How smaller publishers are adapting and responding to the open access landscape

Anna Hughes headshot
Anna Hughes

Small presses offer unique perspectives and wide viewpoints, and should be valued, supported and encouraged.

A female student in a library.

UKRI’s open access (OA) policy now includes monographs, book chapters and edited collections, ensuring that a broader range of research findings funded with public money can be accessed and used by anyone. Under the policy, findings should be made OA within 12 months of publication (or immediately if authors wish to apply to the dedicated fund to support OA publication costs).

Many smaller presses, however, are new to OA, with little experience of developing OA charging models for long form publications. With this comes apprehension, fear of not being able to remain competitive, and fear of losing revenue.

But smaller publishers also have distinct advantages due to their size. Being smaller, they can adapt more quickly to challenges and develop close relationships with their contributors and authors. This can lead to more frequent and informative communication, enabling a closer relationship with specific subject communities.

Securing diversity and financial futures

Smaller presses, with their greater agility, can also more quickly pick up and utilise new solutions and initiatives such as the Open Book Collective (OBC) (available via Jisc's licence subscriptions manager). The OBC is a collective of small OA publishers and infrastructure providers.  Once a press has met the membership criteria and been approved to join by OBC’s membership committee, they can benefit from the collaboration, support, visibility and revenue streams the collective brings. This ease of uptake enables collaboration and better positions smaller presses to innovate.

By bringing together publishers, publishing service providers and scholarly libraries, OBC helps to secure the diversity and financial futures of OA book production and dissemination. The platform enables a range of potential funders to understand what different open access book publishers and open publishing service providers do, and to learn more about their missions and values, content and services, business models and ongoing projects.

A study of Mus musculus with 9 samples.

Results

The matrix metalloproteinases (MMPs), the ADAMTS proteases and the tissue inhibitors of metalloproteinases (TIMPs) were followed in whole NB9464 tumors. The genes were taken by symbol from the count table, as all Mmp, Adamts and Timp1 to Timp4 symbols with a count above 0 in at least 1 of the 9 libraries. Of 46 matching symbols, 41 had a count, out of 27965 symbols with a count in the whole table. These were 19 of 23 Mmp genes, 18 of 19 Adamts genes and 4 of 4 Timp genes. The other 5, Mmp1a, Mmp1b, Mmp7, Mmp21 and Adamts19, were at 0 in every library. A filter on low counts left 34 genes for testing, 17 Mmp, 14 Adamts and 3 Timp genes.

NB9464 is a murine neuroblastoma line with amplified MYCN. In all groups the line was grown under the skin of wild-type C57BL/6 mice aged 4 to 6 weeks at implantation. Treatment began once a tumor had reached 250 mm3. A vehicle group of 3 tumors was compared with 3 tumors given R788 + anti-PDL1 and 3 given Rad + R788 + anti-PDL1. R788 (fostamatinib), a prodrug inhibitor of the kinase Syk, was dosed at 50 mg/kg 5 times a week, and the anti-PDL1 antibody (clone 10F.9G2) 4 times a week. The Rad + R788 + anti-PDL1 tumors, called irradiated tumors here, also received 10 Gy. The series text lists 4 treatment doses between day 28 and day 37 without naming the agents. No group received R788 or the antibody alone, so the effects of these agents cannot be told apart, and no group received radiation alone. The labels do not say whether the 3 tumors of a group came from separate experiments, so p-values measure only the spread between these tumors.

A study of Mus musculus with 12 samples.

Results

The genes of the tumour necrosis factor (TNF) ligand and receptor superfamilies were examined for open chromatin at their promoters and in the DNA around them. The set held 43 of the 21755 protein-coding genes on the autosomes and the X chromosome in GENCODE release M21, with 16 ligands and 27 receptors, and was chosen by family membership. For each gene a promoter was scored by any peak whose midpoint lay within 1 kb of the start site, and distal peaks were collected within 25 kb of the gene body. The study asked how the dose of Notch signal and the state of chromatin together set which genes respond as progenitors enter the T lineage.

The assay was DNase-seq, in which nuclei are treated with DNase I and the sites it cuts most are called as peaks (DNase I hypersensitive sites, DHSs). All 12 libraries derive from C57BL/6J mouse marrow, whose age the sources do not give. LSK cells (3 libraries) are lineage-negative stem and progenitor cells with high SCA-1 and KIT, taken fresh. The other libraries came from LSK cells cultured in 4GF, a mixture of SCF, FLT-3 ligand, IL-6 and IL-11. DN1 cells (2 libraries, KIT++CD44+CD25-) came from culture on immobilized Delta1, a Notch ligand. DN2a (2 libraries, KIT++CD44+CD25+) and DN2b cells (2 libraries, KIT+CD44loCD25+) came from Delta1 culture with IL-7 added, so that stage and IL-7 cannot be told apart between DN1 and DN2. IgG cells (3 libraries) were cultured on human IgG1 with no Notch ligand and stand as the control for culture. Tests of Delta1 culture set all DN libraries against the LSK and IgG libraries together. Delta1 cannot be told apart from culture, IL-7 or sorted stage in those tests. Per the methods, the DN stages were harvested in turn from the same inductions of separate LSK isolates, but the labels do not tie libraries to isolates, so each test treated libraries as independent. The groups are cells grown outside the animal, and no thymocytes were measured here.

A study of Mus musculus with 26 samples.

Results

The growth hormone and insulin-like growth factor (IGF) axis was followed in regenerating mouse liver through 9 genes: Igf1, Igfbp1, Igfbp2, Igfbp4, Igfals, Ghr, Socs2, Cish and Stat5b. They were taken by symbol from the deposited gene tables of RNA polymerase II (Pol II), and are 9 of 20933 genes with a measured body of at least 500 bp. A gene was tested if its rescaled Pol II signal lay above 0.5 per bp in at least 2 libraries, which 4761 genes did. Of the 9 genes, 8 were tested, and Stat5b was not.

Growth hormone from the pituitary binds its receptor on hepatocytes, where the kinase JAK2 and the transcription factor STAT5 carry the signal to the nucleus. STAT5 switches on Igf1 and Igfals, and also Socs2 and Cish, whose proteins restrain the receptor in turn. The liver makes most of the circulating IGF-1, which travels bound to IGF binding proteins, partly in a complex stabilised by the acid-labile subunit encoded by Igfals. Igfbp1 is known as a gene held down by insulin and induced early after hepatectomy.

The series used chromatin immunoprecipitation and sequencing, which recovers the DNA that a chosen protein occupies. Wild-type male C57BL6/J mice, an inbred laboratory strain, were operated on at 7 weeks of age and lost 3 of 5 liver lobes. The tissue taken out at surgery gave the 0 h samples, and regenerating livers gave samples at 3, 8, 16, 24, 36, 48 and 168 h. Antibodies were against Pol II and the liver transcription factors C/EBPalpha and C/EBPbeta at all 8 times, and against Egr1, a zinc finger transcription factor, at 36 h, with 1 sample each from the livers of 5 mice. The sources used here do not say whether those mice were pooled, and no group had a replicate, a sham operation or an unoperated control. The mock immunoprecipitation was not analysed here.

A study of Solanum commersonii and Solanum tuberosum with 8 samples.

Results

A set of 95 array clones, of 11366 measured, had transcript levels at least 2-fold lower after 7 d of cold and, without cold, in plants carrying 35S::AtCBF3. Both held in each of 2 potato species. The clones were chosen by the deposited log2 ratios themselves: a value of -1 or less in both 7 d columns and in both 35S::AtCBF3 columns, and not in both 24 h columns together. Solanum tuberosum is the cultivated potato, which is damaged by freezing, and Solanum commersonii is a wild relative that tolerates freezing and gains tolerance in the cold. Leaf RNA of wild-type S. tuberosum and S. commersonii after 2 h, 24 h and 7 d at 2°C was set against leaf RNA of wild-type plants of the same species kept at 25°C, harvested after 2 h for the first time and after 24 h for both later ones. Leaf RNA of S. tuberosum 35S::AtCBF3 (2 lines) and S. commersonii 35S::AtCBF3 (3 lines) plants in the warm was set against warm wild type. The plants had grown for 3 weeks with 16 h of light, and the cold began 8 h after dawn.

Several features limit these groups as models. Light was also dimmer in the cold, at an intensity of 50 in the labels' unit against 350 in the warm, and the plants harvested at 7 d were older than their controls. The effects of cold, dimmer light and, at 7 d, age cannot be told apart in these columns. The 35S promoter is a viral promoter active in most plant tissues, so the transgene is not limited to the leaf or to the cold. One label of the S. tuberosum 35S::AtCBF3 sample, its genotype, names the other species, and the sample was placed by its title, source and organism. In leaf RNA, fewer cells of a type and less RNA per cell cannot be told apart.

Views from the sector

The White Horse Press, an independent academic publisher specialising in environmental humanities and social science, said:

“The OBC has given a real boost to our OA book publishing. It has allowed us to partner with libraries in a super-efficient way which is already accelerating our book frontlist OA transition. After only a year, OBC has enabled us to publish one book OA when it would otherwise have been gated, with another on the way soon – that’s 40% of our annual frontlist!

"The challenge for us in seeking this kind of support directly from individual libraries is our lack of capacity, at small scale, to do targeted outreach. OBC dissolves this constraint through clever technical infrastructure, and  lets us join forces with other small presses that are also doing good work.  We are very enthusiastic about innovations such as this one, that let us realise some of the advantages of scale while remaining the tiny niche micro-press we want to be.”

Joe Deville, OBC managing director and senior lecturer, Lancaster University, said:

“The OBC has only been engaging actively with libraries for just over a year. However, in that short period we have already achieved commitments from libraries worth over £350,000. Around 90% of this revenue goes either direct to our OA publishers and publishing service providers, or is used to build capacity via our recently launched grant-giving Collective Development Fund. This has come from over 60 different libraries, based in over a dozen countries so far.

"However, this is just the start. To really secure a fairer, more bibliodiverse future for OA book publishing, we need to continue to build this support in line with our approach of ‘scaling small’, as we put it."

Unique perspectives

Small presses are crucial to bibliodiversity and the future of the academic publishing sector. The OBC has been helping these small publishers achieve their goals of reaching a wider potential pool of supporters, encouraging collaboration and enabling them to have more financial freedom by providing clear options.

Jisc continues to liaise with publishers and libraries to ensure publishing costs are reduced and constrained, prioritising the transition from old-style paywalls to open research as quickly as possible. This supports UKRI’s aim to foster equitable participation in scholarship and cultural diversity and inclusivity in academic book publishing.

Small presses offer unique perspectives and wide viewpoints and should be valued, supported and encouraged via schemes to boost community and collaboration.

Find out more about our role in open access.

About the author

Anna Hughes headshot
Anna Hughes
Scholarly communications and engagement officer

I lead and co-ordinate the communications, marketing and engagement activity associated with the delivery of the Jisc/UK Research and Innovation’s open access policy programme, a two-year body of work to implement UKRI's new open access policy.

I devise, develop and deliver communication and engagement plans, campaigns and assets that will inform and engage research-performing institutions, libraries, publishers, research offices and researchers so the programme’s work packages can be successfully delivered.